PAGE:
From the Wall Street Journal online:
By PETER A. MCKAY | OCTOBER 9, 2008, 5:10 P.M. ET
The stock market’s collapse accelerated Thursday as bank lending remained stubbornly clogged and investors remained unwilling to hold anything except cash and government debt, no matter how tiny the returns for doing so.
The Dow Jones Industrial Average declined for a seventh straight day, plunging 678.91 points, or 7.3%, to 8579.19. Blue chips last dipped below the 9000 level five years ago. Thursday’s fall was the Dow’s third-worst all time in point terms and 11th worst in percentage terms. During its recent losing run, blue chips have fallen by a startling 20.9% and are down 39.4% from their record high, which was hit exactly one year ago.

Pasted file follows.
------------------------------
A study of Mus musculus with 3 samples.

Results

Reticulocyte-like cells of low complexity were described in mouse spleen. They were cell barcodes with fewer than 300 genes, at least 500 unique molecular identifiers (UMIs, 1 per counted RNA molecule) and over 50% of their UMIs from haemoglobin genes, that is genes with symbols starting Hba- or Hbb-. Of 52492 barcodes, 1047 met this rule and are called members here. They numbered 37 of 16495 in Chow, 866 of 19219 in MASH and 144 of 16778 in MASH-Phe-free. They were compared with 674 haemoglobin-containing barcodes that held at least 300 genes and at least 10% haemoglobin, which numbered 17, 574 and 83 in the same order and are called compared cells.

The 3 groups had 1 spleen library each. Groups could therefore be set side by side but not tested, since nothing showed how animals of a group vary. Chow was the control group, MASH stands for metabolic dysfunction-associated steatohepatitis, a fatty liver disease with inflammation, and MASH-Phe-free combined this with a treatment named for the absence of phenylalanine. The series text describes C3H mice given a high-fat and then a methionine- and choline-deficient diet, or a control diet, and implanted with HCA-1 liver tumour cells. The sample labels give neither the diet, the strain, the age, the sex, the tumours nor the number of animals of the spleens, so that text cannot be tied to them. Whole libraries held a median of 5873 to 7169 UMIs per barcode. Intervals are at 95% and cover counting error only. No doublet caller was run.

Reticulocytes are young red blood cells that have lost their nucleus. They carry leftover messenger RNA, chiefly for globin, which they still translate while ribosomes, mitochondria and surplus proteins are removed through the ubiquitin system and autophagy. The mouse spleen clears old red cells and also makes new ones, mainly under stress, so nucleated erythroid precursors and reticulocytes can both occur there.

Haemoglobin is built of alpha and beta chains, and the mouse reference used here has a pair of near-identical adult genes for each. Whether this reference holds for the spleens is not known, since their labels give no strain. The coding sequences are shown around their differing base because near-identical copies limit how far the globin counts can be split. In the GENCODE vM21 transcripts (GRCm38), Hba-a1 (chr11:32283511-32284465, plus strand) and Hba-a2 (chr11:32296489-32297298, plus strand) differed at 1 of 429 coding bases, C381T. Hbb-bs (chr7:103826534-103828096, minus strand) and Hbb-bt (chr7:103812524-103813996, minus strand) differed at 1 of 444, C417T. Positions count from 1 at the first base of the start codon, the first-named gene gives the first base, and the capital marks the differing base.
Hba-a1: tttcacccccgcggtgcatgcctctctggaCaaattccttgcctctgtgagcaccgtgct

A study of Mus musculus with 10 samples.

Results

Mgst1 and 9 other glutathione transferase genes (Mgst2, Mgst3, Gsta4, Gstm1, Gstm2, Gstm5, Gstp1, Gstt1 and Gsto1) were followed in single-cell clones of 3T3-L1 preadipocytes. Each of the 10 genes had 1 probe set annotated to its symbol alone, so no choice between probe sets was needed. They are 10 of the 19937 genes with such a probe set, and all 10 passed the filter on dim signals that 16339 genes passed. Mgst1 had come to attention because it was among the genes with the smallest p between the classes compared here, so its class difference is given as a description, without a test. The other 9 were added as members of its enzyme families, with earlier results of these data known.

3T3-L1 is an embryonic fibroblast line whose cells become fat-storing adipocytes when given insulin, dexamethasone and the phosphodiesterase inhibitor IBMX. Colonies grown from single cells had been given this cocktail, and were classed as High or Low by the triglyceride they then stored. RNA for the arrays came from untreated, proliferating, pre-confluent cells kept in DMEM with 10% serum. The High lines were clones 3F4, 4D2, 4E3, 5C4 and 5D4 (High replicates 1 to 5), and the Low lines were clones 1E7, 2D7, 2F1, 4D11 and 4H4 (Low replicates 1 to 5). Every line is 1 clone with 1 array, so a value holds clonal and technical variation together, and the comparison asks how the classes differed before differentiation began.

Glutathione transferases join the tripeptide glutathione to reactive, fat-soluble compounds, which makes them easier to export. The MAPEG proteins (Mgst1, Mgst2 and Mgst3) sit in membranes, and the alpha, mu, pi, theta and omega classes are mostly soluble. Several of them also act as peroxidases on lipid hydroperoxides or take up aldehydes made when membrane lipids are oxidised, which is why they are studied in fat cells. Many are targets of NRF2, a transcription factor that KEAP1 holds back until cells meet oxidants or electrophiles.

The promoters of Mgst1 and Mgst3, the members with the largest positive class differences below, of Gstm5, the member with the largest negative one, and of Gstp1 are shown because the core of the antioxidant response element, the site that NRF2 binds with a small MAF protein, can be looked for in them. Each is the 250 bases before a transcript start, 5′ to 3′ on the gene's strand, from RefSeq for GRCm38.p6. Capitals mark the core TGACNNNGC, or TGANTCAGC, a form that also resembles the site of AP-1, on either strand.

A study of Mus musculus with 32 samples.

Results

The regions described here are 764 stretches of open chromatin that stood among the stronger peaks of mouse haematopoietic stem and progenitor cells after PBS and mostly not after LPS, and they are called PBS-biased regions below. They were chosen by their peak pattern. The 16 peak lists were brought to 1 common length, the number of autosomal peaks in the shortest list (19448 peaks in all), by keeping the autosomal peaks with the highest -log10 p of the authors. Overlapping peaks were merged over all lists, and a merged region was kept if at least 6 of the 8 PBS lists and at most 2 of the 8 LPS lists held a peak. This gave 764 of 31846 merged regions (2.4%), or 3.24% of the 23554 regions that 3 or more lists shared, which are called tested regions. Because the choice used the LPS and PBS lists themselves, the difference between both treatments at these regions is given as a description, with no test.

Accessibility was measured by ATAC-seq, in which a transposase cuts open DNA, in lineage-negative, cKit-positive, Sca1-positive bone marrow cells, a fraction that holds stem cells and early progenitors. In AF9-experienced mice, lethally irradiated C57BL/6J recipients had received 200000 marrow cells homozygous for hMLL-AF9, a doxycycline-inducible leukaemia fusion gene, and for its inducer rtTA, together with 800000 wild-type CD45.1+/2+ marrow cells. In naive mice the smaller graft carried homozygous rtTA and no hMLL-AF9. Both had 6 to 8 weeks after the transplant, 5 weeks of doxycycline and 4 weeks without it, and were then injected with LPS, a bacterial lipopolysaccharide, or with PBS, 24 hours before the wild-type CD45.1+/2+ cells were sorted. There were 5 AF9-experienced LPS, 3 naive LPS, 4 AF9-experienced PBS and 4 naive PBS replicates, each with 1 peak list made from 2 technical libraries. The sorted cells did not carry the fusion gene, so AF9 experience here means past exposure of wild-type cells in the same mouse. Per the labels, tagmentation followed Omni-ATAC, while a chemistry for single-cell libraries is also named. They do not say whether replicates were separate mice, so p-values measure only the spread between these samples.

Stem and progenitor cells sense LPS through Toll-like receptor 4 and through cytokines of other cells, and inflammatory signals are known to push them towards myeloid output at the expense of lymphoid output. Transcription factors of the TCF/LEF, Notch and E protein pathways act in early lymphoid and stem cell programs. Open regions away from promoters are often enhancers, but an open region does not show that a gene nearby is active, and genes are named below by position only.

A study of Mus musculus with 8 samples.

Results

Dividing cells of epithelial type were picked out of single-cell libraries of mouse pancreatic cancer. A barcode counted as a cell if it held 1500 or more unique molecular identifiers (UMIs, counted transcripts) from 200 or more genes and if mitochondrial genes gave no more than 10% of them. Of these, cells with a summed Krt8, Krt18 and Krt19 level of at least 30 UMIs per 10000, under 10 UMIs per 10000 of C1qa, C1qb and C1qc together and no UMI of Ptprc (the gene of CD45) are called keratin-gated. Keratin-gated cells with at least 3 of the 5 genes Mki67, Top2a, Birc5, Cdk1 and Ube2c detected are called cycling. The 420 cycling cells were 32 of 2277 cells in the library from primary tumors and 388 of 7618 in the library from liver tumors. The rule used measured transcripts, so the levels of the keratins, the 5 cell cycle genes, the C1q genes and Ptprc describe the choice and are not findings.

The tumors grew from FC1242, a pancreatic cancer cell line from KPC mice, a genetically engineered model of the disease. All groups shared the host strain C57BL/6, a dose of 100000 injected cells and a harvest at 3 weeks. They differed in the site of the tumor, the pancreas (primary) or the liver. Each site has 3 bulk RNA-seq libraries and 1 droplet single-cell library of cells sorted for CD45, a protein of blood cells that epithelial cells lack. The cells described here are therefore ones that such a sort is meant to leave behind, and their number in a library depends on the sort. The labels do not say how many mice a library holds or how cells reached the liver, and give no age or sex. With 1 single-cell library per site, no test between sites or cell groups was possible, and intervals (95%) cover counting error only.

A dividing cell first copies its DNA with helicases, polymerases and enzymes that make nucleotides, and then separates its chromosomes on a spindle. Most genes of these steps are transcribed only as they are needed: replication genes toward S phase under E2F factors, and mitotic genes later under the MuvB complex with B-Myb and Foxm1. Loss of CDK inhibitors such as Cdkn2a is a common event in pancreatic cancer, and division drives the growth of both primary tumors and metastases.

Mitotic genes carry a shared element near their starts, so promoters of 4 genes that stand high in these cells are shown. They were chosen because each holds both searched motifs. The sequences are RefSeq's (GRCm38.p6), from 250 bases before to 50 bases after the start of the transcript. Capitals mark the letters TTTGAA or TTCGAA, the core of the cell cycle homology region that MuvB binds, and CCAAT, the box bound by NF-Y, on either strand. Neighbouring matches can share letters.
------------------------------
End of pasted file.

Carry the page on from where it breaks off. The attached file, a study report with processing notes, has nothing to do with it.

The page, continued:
“This is indiscriminate selling,” said trader Todd Salamone, of Schaeffer’s Investment Research, an analysis and asset-management firm in Cincinnati. “Not until there are massive improvements in the credit markets are we likely to see this really end.”
Among the Dow’s components, General Motors shares plunged 31% after the auto maker’s credit ratings and those of its financing unit were put on watch for downgrade by Standard & Poor’s. The Dow’s financial components suffered as well, with Citigroup dropping 10% and Bank of America falling 11.2%. Exxon Mobil shares fell 11.7% after the front-month crude-oil futures contract settled at $86.59, the lowest settlement since Oct. 23, 2007. Investors worry economic aftershocks from the credit crisis will curb demand for fuel.
Investors are generally skeptical that the vast sums of government money that are being pumped into the financial system will do much to unfreeze the credit markets. Economists fear that with companies frozen out of short-term funding sources, a severe recession could result. Markets are beginning to price in such a scenario, analysts say.